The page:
42 UP Add To My Top 10

Private Lives

Violence        
Sex        
Nudity        

Release Date: November 17, 1999

Starring:

Genre: Documentary

Audience: Older children & adults

Rating: Not rated

Runtime:

Distributor: First Run Features GENRE: Documentary

Director: Michael Apted PRODUCER: Michael Apted

Executive Producer:

Producer:

Writer:

Address Comments To:

Seymour Wishman, President
First Run Features
153 Waverly Place
New York, NY 10014
Phone: (212) 243-0600
Fax: (212) 989-7649
Email: [email protected]

Content:

(BB, CC, Re, L, A, D, M) Moral worldview with some Christian elements including redemptive conversations & reference to miraculous faith; 3 mild profanities & 2 mild obscenities, plus discussion of failed marriages & brief allusion to one instance of adultery; no violence; no sex, but one couple chooses to live together & brief allusion to adultery; no nudity; alcohol use; smoking; and, gambling & evidence of the British class system.

Summary:

42 UP is an intriguing documentary chronicling the lives of a group of British-born 42-year-olds who have been visited by a film crew every seven years since the age of seven (1964). Despite some failed marriages, some mild foul language, and a reference to adultery, the bad consequences of these actions are not hidden, and there are also many redeeming conversations about love, commitment, appreciation for parents and children, miraculous restorative faith, and a scene of one of the subjects in church.

Review:

42 UP is an intriguing documentary chronicling the lives of a group of British-born 42-year-olds who have been visited by a film crew every seven years since the age of seven (1964). Michael Apted produced and directed all but the first of this series of movies, with each movie revealing the latest twists and turns of these everyday people. Viewers listen and watch as their youthful hopes and dreams are contrasted with the realities of the present, including their personal failures, losses, joys, and successes.

The movie contains three mild profanities and two mild obscenities, as well as scenes of smoking, people drinking in a tavern, and brief scenes of people gambling at the dog races. There is no nudity or sexuality, but there are several conversations about failed marriages, one couple choosing to live together unmarried and a brief allusion to one case of infidelity. However, the consequences of these actions are not hidden but uniquely shown. There are also many redeeming conversations about love, commitment, children being a blessing, miraculous restorative faith, and a scene of one of the subjects praying in church.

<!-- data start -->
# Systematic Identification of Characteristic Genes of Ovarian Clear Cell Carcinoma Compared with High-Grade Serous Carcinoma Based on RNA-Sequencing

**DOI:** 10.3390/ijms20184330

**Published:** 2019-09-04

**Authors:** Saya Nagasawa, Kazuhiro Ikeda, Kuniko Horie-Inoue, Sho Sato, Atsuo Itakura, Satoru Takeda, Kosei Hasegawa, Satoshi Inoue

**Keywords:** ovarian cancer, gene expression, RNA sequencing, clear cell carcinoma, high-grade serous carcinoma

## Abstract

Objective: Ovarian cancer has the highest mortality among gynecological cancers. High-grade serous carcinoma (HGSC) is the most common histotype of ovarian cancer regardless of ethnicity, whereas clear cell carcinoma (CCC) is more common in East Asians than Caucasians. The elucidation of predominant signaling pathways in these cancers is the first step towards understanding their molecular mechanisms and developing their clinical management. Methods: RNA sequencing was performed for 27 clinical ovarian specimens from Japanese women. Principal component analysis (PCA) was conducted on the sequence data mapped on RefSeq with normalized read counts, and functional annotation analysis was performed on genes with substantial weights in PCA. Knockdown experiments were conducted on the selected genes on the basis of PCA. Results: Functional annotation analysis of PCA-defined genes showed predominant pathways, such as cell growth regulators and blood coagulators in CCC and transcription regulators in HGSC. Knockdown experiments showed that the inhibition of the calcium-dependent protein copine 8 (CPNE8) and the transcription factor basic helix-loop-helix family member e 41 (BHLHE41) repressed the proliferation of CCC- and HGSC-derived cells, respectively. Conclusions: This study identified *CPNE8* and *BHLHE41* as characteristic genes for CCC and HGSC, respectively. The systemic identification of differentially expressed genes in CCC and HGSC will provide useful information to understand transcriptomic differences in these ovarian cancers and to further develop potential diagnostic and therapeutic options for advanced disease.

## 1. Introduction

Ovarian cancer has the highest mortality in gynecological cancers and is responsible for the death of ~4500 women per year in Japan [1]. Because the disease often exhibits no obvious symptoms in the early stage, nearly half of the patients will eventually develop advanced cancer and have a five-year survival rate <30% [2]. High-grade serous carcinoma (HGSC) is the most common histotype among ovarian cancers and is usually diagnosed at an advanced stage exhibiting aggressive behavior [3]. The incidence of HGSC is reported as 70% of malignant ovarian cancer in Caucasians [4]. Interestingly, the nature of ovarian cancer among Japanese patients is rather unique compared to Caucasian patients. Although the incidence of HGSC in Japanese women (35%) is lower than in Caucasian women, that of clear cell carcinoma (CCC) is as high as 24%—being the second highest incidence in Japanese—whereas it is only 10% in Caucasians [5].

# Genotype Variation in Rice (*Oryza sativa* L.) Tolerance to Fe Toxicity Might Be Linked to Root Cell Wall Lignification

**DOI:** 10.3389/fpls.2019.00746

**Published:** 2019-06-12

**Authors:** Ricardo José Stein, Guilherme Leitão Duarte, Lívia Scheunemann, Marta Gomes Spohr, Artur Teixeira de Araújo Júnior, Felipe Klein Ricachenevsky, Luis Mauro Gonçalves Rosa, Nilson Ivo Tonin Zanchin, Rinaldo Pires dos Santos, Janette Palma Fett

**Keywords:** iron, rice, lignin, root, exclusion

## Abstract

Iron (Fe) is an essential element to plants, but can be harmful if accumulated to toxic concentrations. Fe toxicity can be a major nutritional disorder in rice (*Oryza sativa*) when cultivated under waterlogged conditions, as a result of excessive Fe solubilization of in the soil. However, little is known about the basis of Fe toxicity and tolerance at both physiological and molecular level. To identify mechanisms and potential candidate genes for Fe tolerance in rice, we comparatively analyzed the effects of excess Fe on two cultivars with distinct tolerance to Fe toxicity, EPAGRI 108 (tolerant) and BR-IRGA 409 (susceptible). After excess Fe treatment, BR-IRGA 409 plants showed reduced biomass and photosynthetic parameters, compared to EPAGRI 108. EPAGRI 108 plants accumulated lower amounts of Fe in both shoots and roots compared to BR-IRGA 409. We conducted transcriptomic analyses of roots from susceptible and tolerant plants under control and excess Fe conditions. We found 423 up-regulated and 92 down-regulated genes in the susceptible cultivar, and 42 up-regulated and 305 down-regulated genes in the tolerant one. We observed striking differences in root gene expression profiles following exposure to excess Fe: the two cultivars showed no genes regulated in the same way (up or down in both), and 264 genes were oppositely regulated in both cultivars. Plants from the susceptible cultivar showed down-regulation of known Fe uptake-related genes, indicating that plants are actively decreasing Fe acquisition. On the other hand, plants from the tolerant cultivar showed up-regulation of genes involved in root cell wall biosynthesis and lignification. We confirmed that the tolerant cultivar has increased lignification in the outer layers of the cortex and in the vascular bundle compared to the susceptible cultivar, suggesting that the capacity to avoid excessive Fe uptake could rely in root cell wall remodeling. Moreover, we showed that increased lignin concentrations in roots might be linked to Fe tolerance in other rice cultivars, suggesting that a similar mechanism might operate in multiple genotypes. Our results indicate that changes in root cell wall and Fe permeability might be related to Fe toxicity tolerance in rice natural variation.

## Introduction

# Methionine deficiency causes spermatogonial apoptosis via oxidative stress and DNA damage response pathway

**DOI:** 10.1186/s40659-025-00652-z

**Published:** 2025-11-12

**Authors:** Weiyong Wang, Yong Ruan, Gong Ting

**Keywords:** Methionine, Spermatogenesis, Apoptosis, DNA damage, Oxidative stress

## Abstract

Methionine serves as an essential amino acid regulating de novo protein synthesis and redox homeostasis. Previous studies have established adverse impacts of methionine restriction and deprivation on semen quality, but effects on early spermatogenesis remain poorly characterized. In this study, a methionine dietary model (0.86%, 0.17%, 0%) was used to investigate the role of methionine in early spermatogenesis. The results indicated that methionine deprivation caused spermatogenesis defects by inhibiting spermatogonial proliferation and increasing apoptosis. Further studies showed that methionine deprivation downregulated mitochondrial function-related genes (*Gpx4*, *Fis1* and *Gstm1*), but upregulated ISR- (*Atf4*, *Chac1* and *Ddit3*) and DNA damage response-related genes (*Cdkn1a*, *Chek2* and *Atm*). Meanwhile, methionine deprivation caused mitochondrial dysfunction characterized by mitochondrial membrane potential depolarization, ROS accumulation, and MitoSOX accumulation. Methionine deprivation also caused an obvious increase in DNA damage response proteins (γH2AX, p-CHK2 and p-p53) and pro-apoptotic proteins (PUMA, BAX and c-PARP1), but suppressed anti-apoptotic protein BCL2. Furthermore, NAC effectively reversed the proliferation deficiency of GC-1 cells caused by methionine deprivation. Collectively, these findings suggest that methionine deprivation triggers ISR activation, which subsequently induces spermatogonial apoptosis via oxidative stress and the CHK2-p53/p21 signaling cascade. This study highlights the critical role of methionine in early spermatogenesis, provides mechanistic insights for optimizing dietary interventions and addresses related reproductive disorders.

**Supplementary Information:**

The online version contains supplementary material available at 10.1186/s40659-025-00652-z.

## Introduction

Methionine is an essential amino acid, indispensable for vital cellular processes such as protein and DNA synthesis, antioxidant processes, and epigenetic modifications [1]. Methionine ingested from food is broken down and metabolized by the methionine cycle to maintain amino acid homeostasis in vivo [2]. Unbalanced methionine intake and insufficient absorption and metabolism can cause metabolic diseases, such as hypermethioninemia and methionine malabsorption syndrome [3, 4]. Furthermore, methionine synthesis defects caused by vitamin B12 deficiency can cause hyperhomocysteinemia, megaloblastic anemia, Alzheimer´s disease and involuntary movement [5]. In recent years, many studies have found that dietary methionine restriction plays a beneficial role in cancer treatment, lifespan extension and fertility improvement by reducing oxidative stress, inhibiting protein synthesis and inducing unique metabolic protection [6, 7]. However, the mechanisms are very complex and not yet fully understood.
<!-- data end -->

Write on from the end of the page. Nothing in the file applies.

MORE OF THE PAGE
Amazingly, viewers do not have to be familiar with the previous movies (7 UP, 21 UP, 28 UP, and 35 UP) to fully enjoy 42 UP. The movie devotes time to each individual, showing clips from all the other interviews and creating an engrossing collage of changing lives. Despite some technical shortcomings, the movie pulls the audience in and fascinates viewers with the shifting views of each maturing individual, which are sometimes surprising and usually amusing. What also makes this documentary truly captivating are the discoveries and lessons learned and shared openly by these people.

Older audiences will appreciate the stages of life shown in 42 UP, likely identifying with several of the subjects and their experiences. Younger audiences will hear about the value of relationships, the struggles and blessings of marriage, and – particularly in 42 UP – the appreciation for parents. One of the strongest themes which surfaces is that many people in the 42 UP group have recently lost their aging parents. It is moving to listen to these 42-year-olds honestly express regrets and love for their mothers and fathers.

One of the persons, responding to the mention of a failed relationship in her life, comments that life is “not like in the movies.” Ordinarily, that would be true, but with 42 UP, real lives are examined and highlights are captured. Also, viewers are reminded about the good and positive messages which can come out of this powerful medium. One woman in the group even speaks out on the lack of values in modern life, including “the lack of respect for anything.”

This may be an odd assortment of “home movies,” but, believe it or not, most viewers likely will come to care about these people and anxiously await the next installment, due out seven years from now.

In Brief:

42 UP is an intriguing documentary chronicling the lives of a group of British-born 42-year-olds who have been visited by a film crew every seven years since the age of seven (1964). Michael Apted produced and directed all but the first of this series of movies, with each movie revealing the latest twists and turns of these everyday people. Viewers listen and watch as their youthful hopes and dreams are contrasted with the realities of the present, including their personal failures, losses, joys, and successes.

42 UP contains three mild profanities and two mild obscenities, as well as scenes of smoking, people drinking in a tavern, and brief scenes of people gambling at the dog races. There is no nudity or sexuality, but there are several conversations about failed marriages, one couple choosing to live together unmarried and one brief discussion of infidelity. However, the bad consequences of these actions are not hidden. There are also many redeeming conversations about love, commitment, appreciation for parents and children, miraculous restorative faith, and a scene of one of the subjects praying in church. Thus, 42 UP is a good movie designed to attract older children and adults.